Most of the questions I get from readers about my novel Holy Days are personal, about my experiences. However, some readers have asked me about a couple of seemingly far-fetched elements in the book – namely the bow and arrow and the handsome young Italian who seems to step out of Romeo & Juliet (Luke was more of a Tybalt than a Romeo) right into Holy Days.
I wrote Holy Days almost exactly as it happened. I had to. In order to do justice to what happened and how it happened. To do justice for the victims. I did not want to change the truth.
*First, I’ll address the bow and arrow. A few readers have said the bow and arrow seemed to appear out of nowhere. “What a surprise!” I wondered if they’d been paying attention? As a young girl, Gloria was enamored of the Robin Hood story. She loved Robin, and Maid Marion, whom the story told, was a better rider and marksman than Robin. Gloria found the words wonderfully beautiful. She found the ideals courageous and powerful. Gloria, after being raped, regresses somewhat into the comfort and strength she found in childhood in the noble beauty of the Robin Hood legend. The night of the rape, Gloria falls asleep with her body wrapped around her old Robin Hood book so tightly, she wakes with cramped arms. The next day, when her friend is molested in broad daylight on a crowded street, Gloria is furious; she runs after the man clutching the long bow she just bought. So passionate and distraught is she that she forgets she has it and nearly trips over it. Remembering, Gloria stands and readies the weapon. Gloria had to use the bow and arrow. No other weapon would have sufficed because Gloria commits a hero’s murder and she needed a hero’s weapon. The truth of the matter is that the molestation really happened and I ran after the molester. I obviously did not have a long bow and arrows or you would have heard about it.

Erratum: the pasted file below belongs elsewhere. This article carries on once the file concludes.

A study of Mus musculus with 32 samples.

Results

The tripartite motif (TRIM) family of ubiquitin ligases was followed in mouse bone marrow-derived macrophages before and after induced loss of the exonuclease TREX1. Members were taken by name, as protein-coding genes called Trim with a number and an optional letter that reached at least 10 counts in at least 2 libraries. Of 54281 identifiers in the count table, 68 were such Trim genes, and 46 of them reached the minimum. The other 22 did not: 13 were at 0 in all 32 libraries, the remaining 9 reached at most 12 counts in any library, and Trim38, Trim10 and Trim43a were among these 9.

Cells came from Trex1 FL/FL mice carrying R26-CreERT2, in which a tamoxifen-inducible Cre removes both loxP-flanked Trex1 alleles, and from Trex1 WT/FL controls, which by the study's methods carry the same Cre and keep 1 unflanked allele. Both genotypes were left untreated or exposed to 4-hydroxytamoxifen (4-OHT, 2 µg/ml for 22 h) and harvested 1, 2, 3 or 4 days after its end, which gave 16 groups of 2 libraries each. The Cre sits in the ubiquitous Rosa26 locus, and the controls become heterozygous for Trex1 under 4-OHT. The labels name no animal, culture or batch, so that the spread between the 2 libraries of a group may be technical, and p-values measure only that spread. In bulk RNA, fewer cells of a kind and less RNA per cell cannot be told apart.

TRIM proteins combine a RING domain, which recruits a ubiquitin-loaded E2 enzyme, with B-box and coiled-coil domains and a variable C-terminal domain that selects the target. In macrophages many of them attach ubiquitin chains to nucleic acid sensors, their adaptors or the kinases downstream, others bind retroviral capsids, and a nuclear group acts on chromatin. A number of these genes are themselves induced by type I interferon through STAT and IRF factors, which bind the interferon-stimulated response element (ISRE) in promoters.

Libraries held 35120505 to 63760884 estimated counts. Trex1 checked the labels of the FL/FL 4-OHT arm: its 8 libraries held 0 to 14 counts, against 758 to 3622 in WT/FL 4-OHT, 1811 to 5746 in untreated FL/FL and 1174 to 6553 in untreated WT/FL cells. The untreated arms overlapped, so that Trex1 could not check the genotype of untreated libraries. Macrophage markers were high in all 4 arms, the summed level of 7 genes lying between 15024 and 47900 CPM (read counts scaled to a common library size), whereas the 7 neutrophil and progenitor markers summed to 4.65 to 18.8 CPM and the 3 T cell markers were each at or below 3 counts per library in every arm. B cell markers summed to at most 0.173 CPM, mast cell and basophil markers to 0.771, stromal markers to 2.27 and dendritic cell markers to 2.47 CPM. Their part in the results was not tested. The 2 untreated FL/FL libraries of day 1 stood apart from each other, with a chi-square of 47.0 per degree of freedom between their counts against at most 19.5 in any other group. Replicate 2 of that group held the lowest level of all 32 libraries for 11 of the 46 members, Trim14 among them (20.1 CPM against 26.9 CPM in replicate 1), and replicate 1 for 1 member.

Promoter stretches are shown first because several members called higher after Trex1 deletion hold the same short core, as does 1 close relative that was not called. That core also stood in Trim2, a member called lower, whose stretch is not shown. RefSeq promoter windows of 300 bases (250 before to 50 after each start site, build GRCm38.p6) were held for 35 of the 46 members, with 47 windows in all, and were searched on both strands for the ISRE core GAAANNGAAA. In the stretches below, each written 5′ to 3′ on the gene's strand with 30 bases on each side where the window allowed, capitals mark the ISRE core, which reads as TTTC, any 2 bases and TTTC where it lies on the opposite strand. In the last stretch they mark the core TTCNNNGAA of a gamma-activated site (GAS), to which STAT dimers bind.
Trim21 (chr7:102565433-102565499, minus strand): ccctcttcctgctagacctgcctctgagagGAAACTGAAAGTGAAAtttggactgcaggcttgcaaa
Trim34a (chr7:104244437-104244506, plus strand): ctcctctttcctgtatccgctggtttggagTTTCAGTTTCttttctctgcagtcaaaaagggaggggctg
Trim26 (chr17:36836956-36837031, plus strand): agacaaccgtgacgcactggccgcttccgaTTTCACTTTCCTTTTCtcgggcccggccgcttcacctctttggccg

Now, our young man, Luke.
It may be astounding to my readers, but Luke was real. I was his teacher, not his love. Such an amazing person really did appear in my classroom on the first day of my student teaching. He really was from Italy. He really had long, dark hair. He really was 20 and turned 21 during the school year. The other kids really did love him. They were a wonderful class, full of joy and affection for each other. It was a revelation to me to witness how they treated one another, as I had mostly known spite and violence. They really kidded him gently about his name, which was not Luke, but in its formal expression did sound feminine like Luciano. He really was working as a shoe repair guy and he really planned to return to Italy against his father’s wishes. His girl friend really did not want to go back with him, which caused him pain and confusion. She really preferred to enjoy her material success as a Firestone tire saleswoman. Luke really drove a classic red Alfa Romeo of which he was very proud.
The real Luke inspired me. He showed me that living another kind of life other than the one expected of you was a possibility. (Sometimes I think he was an angel sent by God to show me another way to live.) I developed him into a character because I wanted Gloria to have someone unique. Someone younger than she, someone to inspire hope for the future, someone with a fresh outlook, someone brave and smart enough to take her on, someone who desired a simple, natural life. I never would have believed such a young man existed in reality if I had not met him myself. Luke was real. He was really fine, really intelligent, really sweet. Quiet, and more serious than the others. I never forgot him. I gave him to Gloria.
*Note: Holy Days was finished in 1996. Obviously, I wrote the murder scene long before The Hunger Games books (2008) were written. Not crazy about sharing my hero’s weapon, but I’ll be gracious to a fellow writer.
©Patricia Goodwin, 2016
Patricia Goodwin is the author of When Two Women Die, about Marblehead legends and true crime and its sequel, Dreamwater, about the Salem witch trials and the vicious 11-year-old pirate Ned Low. Holy Days is her third novel, about the sexual, psychological seduction of Gloria Wisher and her subsequent transformation.